The new musical based on the Daniel Wallace novel and Tim Burton film isn't a splash hit yet, but could be a good catch by the time it hits Broadway this fall.
1/6Photograph: Paul KolnikBig Fish at Oriental Theatre
2/6Photograph: Paul KolnikBig Fish at Oriental Theatre
3/6Photograph: Paul KolnikNorbert Leo Butz in Big Fish at Oriental Theatre
4/6Photograph: Paul KolnikBig Fish at Oriental Theatre
5/6Photograph: Paul KolnikBobby Steggert in Big Fish at Oriental Theatre
6/6Photograph: Paul KolnikKate Baldwin in Big Fish at Oriental Theatre
By Kris Vire |
A young man on the verge of becoming a father casts about for the truth of his own dad, a tall-tale telling traveling salesman who's caught on death's hook—but asked to fess up about his fishy stories, dad doesn't want to take the bait.
If you think I'm leaning hard on soggy fishing metaphors, wait until you hear Andrew Lippa's waterlogged lyrics for Big Fish, which are practically swimming with references to rivers, rods and reels. Lippa's score is pleasant, if a little juiceless, but his lyrics tend to take simple concepts and bland rhymes and pulverize them via repetition.
I've admired enough of Lippa's previous work to suspect those problems are fixable before Big Fish's Broadway debut, currently scheduled to begin performances in September. So, too, are the issues with the book by John August, who also adapted Daniel Wallace's 1998 novel into a screenplay for Tim Burton's 2003 film.
Onstage, August needs to better establish early-on the dynamic of resentment between storyteller Edward Bloom (Norbert Leo Butz) and son Will (Bobby Steggert). As is, the brief top-of-show snippet of young Will (alternating child actors Anthony Pierini and Zachary Unger) challenging his dad's bedtime story transitions directly into adult Will fuming at Edward for showing off at Will's wedding, misguidedly tipping the audience toward Team Edward from the get-go.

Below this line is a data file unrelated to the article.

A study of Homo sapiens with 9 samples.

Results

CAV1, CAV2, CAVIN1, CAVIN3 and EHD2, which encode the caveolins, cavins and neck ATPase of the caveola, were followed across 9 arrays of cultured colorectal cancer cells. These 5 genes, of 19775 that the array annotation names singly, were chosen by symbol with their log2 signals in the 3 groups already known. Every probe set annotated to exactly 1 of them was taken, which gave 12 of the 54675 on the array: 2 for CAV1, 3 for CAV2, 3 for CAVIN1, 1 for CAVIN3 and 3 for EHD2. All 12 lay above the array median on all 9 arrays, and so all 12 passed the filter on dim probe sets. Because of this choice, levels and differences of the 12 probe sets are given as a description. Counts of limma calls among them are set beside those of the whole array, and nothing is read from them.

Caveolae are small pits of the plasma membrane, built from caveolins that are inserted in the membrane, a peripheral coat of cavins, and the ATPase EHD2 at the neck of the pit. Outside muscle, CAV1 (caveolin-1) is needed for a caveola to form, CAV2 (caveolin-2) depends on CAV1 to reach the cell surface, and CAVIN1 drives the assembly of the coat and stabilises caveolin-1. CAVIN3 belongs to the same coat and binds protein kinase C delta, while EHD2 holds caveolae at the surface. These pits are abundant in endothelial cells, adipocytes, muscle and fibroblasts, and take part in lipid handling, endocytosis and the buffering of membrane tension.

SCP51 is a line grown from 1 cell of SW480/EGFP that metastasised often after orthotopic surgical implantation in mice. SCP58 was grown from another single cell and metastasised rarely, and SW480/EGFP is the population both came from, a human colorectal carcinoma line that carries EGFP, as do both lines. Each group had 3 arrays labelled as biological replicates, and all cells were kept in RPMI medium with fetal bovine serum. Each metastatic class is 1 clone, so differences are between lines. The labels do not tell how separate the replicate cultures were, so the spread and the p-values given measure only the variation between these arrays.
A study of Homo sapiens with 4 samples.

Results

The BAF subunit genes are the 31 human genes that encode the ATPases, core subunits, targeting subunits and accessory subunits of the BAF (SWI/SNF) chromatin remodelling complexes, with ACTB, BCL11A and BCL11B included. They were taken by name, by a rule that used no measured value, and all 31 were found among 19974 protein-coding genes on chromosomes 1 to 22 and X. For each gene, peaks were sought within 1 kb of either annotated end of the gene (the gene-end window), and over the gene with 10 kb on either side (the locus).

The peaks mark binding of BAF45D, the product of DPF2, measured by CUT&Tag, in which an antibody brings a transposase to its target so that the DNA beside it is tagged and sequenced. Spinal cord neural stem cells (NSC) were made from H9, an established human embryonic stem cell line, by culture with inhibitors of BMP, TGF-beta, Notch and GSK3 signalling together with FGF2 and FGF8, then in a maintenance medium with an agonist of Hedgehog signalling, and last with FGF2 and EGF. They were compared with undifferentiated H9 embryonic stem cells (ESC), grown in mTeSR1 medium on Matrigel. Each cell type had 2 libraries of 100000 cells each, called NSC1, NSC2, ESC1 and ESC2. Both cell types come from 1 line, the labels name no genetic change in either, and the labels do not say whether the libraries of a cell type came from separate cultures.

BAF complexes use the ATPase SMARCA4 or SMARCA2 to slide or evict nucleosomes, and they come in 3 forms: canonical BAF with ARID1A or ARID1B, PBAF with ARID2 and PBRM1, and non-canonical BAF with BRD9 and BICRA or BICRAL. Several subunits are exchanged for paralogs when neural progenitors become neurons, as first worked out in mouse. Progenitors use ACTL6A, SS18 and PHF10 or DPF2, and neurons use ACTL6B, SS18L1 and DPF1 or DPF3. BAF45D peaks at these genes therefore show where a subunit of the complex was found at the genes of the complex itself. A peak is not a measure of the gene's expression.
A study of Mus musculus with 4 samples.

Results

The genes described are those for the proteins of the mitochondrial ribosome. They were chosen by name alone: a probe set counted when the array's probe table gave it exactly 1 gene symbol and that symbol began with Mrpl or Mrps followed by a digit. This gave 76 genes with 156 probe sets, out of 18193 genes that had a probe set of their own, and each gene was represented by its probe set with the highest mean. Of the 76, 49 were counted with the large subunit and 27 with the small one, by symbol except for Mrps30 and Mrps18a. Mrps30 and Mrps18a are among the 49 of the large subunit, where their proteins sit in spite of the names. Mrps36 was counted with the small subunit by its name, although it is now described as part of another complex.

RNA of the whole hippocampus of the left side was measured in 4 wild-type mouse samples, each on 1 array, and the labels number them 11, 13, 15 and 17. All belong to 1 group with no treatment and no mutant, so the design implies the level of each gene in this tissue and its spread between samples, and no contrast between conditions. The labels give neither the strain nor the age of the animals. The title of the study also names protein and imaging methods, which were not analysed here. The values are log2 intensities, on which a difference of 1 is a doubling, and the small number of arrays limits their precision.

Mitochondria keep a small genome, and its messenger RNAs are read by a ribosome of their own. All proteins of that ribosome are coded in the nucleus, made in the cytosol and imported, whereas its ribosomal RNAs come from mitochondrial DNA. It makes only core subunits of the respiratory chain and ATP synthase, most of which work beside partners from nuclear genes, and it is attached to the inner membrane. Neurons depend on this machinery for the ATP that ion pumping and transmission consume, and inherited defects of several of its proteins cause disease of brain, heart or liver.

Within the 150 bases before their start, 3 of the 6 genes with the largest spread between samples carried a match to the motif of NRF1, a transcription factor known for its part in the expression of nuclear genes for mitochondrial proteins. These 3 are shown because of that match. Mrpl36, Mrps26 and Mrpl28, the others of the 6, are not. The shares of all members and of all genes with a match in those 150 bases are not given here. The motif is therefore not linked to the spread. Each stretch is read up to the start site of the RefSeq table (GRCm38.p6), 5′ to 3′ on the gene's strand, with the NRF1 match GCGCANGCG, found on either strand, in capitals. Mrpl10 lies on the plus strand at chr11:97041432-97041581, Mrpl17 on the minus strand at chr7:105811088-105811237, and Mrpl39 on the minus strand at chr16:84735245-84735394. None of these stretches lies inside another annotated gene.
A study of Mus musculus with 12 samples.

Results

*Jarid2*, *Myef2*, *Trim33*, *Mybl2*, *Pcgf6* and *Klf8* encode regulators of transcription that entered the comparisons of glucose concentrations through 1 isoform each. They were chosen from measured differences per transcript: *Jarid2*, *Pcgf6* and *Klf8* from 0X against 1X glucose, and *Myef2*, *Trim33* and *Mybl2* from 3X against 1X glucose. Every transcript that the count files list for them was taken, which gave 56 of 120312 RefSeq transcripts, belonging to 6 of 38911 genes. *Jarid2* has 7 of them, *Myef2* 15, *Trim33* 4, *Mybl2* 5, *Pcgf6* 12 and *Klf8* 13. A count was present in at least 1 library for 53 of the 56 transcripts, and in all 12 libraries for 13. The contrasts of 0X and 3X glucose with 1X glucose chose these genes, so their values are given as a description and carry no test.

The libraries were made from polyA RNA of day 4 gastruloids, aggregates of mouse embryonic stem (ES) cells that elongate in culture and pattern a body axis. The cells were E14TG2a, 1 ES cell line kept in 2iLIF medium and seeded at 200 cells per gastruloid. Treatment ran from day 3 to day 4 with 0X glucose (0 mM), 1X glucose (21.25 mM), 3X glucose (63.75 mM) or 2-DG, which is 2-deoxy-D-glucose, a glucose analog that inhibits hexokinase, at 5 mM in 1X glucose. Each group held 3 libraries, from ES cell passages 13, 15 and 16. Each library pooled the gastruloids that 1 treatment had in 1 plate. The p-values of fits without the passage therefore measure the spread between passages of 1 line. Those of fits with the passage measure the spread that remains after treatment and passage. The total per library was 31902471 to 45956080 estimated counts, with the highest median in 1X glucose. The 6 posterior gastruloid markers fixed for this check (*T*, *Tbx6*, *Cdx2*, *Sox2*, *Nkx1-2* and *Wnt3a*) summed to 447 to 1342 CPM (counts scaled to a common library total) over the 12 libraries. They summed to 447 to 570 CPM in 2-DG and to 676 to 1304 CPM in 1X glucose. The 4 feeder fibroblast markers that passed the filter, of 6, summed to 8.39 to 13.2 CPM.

But the creators have a strong underlying plot that seems to lend itself to musicalization, if they can just slightly better differentiate Edward's fancies from Will's real world—the onstage blurring is occasionally well-justified but at other times jarring, as when Will's wife Josephine (an underused Krystal Joy Brown) seems to be conversing with the mermaid Edward conjures up.
And director-choreographer Susan Stroman (The Producers) might be able to get out of the way of the story just a bit; here her fanciful Stromagic seems a tad intrusive in places, as when a neat living-forest reveal in teenage Edward's encounter with a woodland witch stretches into a protracted, momentum-killing dance sequence.
Still, judging by audience reports from two and a half weeks of previews before the Chicago opening, the show is already greatly improved (that's what out-of-town tryouts are for, right?). It has three strong assets in its leads—loose-limbed charmer and two-time Tony winner Butz, up-and-comer Steggert and ravishing Northwestern alum Kate Baldwin (who deserves more to do as Edward's wife and Will's mother). If they spend the summer on some retooling, the Big Fish team could reel in something great this fall.